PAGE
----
Does understanding oneself and how one’s mind works have anything to contribute? All sports men and women accept that being physically fit is important for their sport and they train rigorously to be the best they can be. Sometimes they don’t realise that mental health is equally important, and perhaps they don’t give as much attention to that, unless they develop a problem. Mental illness is very common in sports, but people usually hide it because that would make them look ‘weak’ in the eyes of their coaches and peers. It is much better to prevent problems from occurring by understanding the cause of them in the first place.

Understanding ourselves and how our minds work brings wisdom, and that allows us to face the challenges that life and our sport will throw at us, and still remain mentally stable. For example understanding our self-images and the role they play in the hurt we feel when criticised may allow us to accept criticism with intelligence rather than just react with anger from the pain we feel. How we cope with failure is also important, because it is going to be part of every sports-person’s life. There is a natural anxiety that develops before sporting events and understanding that in ourselves would help people cope better with it. In some cases it can be paralysing and affect the performance on the day. Understanding that all anxiety is linked to thinking about the future and the consequences of failure, allows a person to meet it in a fresh way, neither suppressing it, nor escaping from it or judging it. If one can be with that feeling completely without even naming it as anxiety, it can dissolve. This does need a diligent study of the way our minds work.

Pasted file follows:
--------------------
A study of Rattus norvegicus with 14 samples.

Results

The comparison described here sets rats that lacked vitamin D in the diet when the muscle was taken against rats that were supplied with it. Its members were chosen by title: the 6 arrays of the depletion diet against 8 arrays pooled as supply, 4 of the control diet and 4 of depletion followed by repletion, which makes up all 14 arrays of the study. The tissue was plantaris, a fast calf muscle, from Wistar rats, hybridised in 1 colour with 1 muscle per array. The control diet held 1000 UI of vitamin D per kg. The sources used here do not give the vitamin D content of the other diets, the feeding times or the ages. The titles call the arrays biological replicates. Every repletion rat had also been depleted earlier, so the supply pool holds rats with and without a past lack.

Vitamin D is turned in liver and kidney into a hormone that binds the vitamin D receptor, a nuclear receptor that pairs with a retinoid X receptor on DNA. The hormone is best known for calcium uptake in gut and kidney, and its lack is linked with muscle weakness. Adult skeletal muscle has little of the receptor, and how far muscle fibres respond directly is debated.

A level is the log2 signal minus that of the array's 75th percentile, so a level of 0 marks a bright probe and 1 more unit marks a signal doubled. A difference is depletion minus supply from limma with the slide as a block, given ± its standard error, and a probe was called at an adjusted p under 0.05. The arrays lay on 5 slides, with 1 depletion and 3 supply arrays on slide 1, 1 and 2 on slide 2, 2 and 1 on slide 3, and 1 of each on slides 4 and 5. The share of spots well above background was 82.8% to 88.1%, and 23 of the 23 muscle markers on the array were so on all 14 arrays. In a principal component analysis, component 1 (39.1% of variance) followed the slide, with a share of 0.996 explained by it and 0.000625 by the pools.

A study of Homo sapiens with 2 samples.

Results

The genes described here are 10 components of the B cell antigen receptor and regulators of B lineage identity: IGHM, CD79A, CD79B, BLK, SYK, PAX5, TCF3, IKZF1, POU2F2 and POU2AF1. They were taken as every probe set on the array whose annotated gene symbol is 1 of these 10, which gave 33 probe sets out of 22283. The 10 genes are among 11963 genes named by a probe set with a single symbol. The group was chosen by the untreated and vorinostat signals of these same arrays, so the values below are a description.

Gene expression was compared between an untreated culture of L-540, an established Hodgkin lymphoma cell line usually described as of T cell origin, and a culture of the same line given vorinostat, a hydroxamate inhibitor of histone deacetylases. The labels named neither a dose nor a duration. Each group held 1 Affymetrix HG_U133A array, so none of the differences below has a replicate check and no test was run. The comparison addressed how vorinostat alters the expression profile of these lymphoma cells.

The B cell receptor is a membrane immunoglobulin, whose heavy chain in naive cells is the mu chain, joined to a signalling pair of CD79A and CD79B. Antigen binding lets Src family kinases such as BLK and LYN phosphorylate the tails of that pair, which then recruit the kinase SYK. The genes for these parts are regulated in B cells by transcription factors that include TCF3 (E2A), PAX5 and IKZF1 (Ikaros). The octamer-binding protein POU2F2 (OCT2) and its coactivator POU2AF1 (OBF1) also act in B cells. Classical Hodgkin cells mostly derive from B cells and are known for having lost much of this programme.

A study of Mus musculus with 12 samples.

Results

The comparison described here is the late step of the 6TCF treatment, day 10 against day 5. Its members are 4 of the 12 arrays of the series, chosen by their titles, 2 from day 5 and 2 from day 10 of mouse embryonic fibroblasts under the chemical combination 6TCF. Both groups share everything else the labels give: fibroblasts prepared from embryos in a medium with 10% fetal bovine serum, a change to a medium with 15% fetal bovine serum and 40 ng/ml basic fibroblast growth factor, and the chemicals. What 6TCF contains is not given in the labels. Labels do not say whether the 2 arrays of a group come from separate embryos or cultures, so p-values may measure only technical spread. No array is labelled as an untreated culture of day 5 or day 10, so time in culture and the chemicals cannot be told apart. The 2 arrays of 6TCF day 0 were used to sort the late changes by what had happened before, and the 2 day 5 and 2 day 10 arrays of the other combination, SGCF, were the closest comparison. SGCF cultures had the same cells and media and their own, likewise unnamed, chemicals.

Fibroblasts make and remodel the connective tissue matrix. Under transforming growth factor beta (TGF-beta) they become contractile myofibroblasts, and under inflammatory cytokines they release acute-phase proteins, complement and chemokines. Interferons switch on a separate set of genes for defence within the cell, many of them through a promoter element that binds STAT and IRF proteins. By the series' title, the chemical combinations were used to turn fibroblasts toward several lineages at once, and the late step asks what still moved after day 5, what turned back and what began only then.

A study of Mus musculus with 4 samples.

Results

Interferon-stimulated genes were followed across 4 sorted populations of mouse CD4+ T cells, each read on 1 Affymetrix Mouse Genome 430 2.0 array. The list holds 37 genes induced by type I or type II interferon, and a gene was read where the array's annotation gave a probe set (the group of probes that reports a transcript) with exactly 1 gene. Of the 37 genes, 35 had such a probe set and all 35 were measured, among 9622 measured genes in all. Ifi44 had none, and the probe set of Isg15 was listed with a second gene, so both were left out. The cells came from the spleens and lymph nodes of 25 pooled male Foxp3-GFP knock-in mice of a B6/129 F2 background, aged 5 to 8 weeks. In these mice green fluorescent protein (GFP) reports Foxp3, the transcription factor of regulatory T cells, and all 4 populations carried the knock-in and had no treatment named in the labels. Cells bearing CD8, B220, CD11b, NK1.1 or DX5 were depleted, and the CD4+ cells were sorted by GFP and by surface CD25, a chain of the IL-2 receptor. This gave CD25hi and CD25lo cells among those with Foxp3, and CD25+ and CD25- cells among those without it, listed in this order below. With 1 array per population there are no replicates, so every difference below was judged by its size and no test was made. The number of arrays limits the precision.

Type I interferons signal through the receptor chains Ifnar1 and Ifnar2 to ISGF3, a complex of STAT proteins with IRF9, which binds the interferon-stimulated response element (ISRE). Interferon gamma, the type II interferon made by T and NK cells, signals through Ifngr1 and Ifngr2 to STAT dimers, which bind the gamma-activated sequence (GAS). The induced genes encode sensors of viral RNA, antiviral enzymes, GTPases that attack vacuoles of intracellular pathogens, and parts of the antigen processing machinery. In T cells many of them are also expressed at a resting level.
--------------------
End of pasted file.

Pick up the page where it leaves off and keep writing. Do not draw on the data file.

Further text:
Our hidden beliefs can get in the way of our performance in any sport. If we don’t believe we are good enough that that will feed into our performance, because it may stop us pushing ourselves beyond a certain limit. If you believe you can do something, you are half way there.

If we are involved in any sport we also have to question if we are just happy to play the sport, or do we want to be successful at it? What does success for us really mean? Why do we want to be successful? Usually because it boosts the ‘I’ and that brings us pleasure, which we love. Why are we so addicted to pleasure? Do we realise that the pursuit of success and pleasure can also lead to frustration, and mental health problems? Exploring these questions for oneself may allow us to find our own answers and have a healthy attitude to the sport we are involved in. It doesn’t at all mean that pleasure is ‘bad’, or that the pursuit of ‘success’ is unhealthy, but exploring and understanding the nature of pleasure, success, anxiety, fear and belief may allow us to approach our sport in an intelligent way, without experiencing the mental health challenges that are so common. This understanding would also contribute to our performance on the day.

This understanding is not complex, and is open to anyone who is willing to look within, accept what they see and question themselves. The book Understanding Me Understanding You is part of the non-profit Human Enquiry Project and enables everyone to understand themselves and how their minds work. You can find more details at humanenquiry.com, or on the Facebook page @humanenquiry. Please join us, to help make the world a better place.